Like the students in Jared Lucas’s class, I have been thinking a lot about Bryan Caplan’s insights on schooling in The Case Against Education. I got to about page 120 and then my plane landed, but I read it the way I read every book I write a review on: every page and every footnote.

And my reaction to it is similar to, though less extreme than, the way Robert E. Lucas thinks about economic growth:

Is there some action a government of India could take that would lead the Indian economy to grow like Indonesia’s or Egypt’s? If so, what, exactly? If not, what is it about the “nature of India” that makes it so? The consequences for human welfare involved in questions like these are simply staggering: Once one starts to think about them, it is hard to think about anything else. (Lucas 1988, p. 5; italics in original)

Once I’ve started thinking about Bryan’s insights, I realize that they explain so much: why people go to school despite forgetting almost everything they learn and why they celebrate when a professor cancels a class they’ve paid for, to name two.

Bryan’s book also caused me to look back on various interactions I’ve had with young people deciding whether to go to college. One such incident comes to mind.

For about 2 decades, my daughter and I took a father/daughter trip every summer. When she was in her mid-teens, the trip we usually took was to go rafting on the American River in California. One particular time in the late 1990s we got talking to the rafting guide, who had just finished high school and was planning to go on to college. He told me that someone from the Silicon Valley had been a customer a week earlier and had been so impressed by him that he asked the young man about his computer skills. Whatever the 18-year old answered must have worked because the Silicon Valley guy told him that if he scrapped his plans for college, he could work at the man’s firm in Silicon Valley for $60K a year.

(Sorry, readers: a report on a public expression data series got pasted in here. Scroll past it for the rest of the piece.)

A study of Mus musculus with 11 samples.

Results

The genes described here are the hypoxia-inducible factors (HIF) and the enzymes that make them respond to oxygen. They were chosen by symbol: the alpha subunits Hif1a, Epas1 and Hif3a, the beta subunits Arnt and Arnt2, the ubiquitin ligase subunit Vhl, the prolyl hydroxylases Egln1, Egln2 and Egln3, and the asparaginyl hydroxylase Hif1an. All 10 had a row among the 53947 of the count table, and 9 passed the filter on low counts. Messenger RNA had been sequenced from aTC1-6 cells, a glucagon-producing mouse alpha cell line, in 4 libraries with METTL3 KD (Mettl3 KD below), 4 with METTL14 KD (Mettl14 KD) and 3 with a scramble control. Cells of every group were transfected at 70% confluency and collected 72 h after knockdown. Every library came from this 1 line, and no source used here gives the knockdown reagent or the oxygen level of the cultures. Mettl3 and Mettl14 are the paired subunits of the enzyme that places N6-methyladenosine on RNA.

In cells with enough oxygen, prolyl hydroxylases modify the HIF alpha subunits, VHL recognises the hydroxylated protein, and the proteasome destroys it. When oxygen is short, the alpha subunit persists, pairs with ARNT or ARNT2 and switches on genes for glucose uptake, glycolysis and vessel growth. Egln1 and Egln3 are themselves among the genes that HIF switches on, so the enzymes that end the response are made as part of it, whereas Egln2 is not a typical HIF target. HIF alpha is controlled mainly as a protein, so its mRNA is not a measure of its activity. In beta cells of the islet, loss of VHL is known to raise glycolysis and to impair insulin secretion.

The young man told me he found it tempting and that, because I was a college professor, he would value my advice. I said “Take the job. Most people go to college to get a job like that and you can go directly to the job and can skip 4 years of living like an undergrad and piling up debt.”

One other customer in the raft, a woman about my age, piped up, “I disagree. Go to college and get the degree and you’ll have something to fall back on.”

I responded, “If he gets the job and it works out, his income could rise by 50% over 5 years and he could save a lot of money. Then if he loses the job and can’t find another one, he can ‘fall back’ on going to college.”

I don’t know what the young man did.

My friend David Seltzer shared a more extreme story that makes the same point. This one is about the NBA and the NCAA:

[Name deleted] is upset with the one and done policy the NCAA has allowed for basketball players. His argument: those players are there for an EDUCATION. His raised voice, not mine. My point, if a degreed education raises one’s earnings over a working life, then one-and-done sends a player to the NBA with a first year salary of $900k. If he delays, his opportunity cost is at least the first year and the risk of injury. I suspect the player will barely recover the foregone earnings. I pointed out that Gates and Zuckerberg were two-and-done at Harvard, no less, and Jobs left Reed College after six months. Finally, I don’t know of any college grads coming out of “top tier” universities whose starting salaries approach 900k.